What’s still left on the Nationals’ shopping list?

The Nationals have made three significant acquisitions so far this offseason, and they addressed unquestionably the club’s three biggest needs.

They needed a first baseman, and they got one in Josh Bell. They needed a corner outfielder, and they got one in Kyle Schwarber. And they needed a No. 4 starter, and they got one in Jon Lester.

But that’s not all the Nationals needed to do this winter to bolster their roster. They had a longer list of priorities, and though they’ve now crossed off the top three items on that list, there are several more lines to go.

What’s left on Mike Rizzo’s shopping list? Here’s a rundown ...

* ANOTHER CATCHER
If we are to believe what Rizzo and manager Davey Martinez said last month, Yan Gomes will start roughly 100 games, making him the club’s No. 1 catcher. Which means the Nationals need a No. 2 behind the plate. Not a weak-hitting backup who starts only once a week. A competent catcher who starts two or three times a week and is able to step in and play every day if Gomes gets hurt.

Though the list of remaining free agents is shrinking, there are some capable names still available: Alex Avila, Robinson Chirinos, Tyler Flowers, Austin Romine, Tony Wolters.

And, of course, there’s still J.T. Realmuto. There’s been no indication to date the Nats are seriously pursuing the two-time All-Star. And given what they’ve already spent on others this winter, it doesn’t seem like they’ve left themselves room to swoop in and sign him for big bucks. But until Realmuto actually signs with someone, you can never say never. (Just don’t hold your breath on this one.)

Thumbnail image for Doolittle-63-Throwing-White-Sidebar.jpg* LEFT-HANDED RELIEVER
The Nationals’ bullpen is as stable as it’s been in a long time. With Daniel Hudson, Tanner Rainey, Will Harris, Wander Suero and Kyle Finnegan all returning, there’s no urgent need here for another big late-inning arm.

But the relief corps still is lacking a proven left-hander. Sam Clay, a 27-year-old former Twins prospect who has never pitched in the majors, did get a big league contract from the club early in the offseason. But Rizzo (who also signed veteran Luis Avilán to a minor league deal) is still going to want someone else with some kind of track record.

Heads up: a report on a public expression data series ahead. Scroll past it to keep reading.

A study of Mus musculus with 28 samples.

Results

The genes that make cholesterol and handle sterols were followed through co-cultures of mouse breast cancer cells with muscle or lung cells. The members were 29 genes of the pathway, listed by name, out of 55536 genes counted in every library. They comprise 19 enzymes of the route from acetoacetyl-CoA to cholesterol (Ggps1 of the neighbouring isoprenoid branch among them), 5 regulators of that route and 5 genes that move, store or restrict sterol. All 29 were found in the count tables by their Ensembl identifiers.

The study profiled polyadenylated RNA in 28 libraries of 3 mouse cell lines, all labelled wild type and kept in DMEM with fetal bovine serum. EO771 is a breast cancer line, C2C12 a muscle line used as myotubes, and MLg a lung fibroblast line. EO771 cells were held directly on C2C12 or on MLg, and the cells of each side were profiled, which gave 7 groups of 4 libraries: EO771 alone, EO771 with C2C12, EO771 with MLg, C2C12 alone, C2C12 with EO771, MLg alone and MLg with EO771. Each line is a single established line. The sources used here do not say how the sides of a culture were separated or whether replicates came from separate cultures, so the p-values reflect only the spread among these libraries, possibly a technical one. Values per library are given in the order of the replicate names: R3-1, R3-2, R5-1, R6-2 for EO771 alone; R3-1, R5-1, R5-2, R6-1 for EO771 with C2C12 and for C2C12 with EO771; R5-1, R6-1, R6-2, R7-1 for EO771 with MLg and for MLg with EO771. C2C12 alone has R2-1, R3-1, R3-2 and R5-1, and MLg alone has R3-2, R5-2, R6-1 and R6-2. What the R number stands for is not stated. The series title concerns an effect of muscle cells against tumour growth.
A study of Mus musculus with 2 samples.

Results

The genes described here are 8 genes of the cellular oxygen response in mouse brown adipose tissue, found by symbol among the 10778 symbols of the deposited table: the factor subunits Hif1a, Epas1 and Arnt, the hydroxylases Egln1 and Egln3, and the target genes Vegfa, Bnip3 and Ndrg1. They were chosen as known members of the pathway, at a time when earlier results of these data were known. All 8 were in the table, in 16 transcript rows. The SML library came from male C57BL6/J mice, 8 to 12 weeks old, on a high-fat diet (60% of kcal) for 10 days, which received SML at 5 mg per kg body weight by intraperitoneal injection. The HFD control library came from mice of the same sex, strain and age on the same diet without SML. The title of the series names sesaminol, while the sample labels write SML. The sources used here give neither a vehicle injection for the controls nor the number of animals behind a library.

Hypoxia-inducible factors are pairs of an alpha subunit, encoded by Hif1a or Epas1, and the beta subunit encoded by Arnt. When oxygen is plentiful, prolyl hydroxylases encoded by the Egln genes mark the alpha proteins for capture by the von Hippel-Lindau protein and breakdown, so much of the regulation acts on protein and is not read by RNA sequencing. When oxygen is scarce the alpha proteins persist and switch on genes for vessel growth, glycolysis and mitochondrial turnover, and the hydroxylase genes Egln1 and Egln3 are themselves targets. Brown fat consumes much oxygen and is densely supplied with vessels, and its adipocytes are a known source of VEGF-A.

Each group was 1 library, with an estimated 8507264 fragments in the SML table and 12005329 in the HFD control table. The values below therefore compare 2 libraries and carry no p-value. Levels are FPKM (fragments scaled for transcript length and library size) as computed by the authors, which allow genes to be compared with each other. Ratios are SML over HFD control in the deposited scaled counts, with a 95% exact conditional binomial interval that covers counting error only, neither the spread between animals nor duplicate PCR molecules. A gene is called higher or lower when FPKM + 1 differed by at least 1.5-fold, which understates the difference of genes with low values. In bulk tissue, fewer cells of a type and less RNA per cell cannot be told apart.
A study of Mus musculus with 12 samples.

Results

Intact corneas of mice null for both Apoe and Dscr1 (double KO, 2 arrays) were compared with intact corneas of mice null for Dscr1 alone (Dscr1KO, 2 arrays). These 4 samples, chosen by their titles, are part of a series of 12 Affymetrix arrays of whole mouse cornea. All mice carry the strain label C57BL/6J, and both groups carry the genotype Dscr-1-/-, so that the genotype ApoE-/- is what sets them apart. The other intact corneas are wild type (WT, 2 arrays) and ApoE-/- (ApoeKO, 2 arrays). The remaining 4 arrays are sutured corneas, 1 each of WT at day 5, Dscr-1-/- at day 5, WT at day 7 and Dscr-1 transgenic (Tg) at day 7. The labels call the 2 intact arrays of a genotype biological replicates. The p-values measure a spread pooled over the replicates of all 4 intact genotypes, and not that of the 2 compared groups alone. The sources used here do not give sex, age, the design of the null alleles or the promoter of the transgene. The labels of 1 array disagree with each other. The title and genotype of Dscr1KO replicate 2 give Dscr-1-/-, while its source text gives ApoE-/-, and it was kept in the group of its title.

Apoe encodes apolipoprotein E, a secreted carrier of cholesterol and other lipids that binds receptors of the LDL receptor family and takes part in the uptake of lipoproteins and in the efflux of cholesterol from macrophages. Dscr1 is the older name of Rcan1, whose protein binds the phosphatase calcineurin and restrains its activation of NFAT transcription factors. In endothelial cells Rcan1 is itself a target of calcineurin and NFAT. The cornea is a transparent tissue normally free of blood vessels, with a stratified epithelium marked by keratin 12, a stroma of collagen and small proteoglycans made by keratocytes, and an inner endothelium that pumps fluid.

The most prominent name remains Brad Hand, who would make a very good left-handed complement to Hudson for the eighth and ninth innings, but plenty of teams covet the three-time All-Star. If they can’t land Hand, the Nats could still turn to Tony Watson, Justin Wilson, Aaron Loup or old pal Sean Doolittle.

* ANOTHER INFIELDER (OR TWO)
After being overstocked with infielders in 2019 and some of 2020, it may come as a surprise that the Nationals are short on them right now. That’s what happens when Howie Kendrick retires, Asdrúbal Cabrera and Ryan Zimmerman are free agents and Wilmer Difo is a Pirate. Josh Harrison is back, though, and he can play a variety of positions. But the Nats still need at least one more infielder, in particular someone who can back up Bell at first base.

Hmm, know anyone who hits lefties well, has a smooth glove at first base and won’t cost much? Maybe a guy who has been with the organization for 16 years? (For the record, Zimmerman agreed to his last deal with the Nats on Jan. 24, 2020. If he’s going to agree to another deal, it’s probably coming soon.)

Even if and when they re-sign Zimmerman, the Nationals could still use another backup infielder, more of a traditional middle infielder. And we’d be remiss if we didn’t mention the possibility of acquiring a starting third baseman (or perhaps second baseman) if they’re not convinced Carter Kieboom is the answer.

* ANOTHER OUTFIELDER
We know the 2021 starting outfield: Schwarber in left, Victor Robles in center, Juan Soto in right. And we know Andrew Stevenson is the fourth outfielder. But the Nats probably need a fifth outfielder as well, and it would help if he batted right-handed.

Though Schwarber is going to start most nights, Martinez probably would prefer a right-handed hitter to plug into the lineup when facing a tough lefty. It’s possible Harrison could fill that role if he’s not needed too much in the infield. But with a 26-man roster, there should be room for another bench player this year, and another true outfielder would probably make the most sense to fill that spot.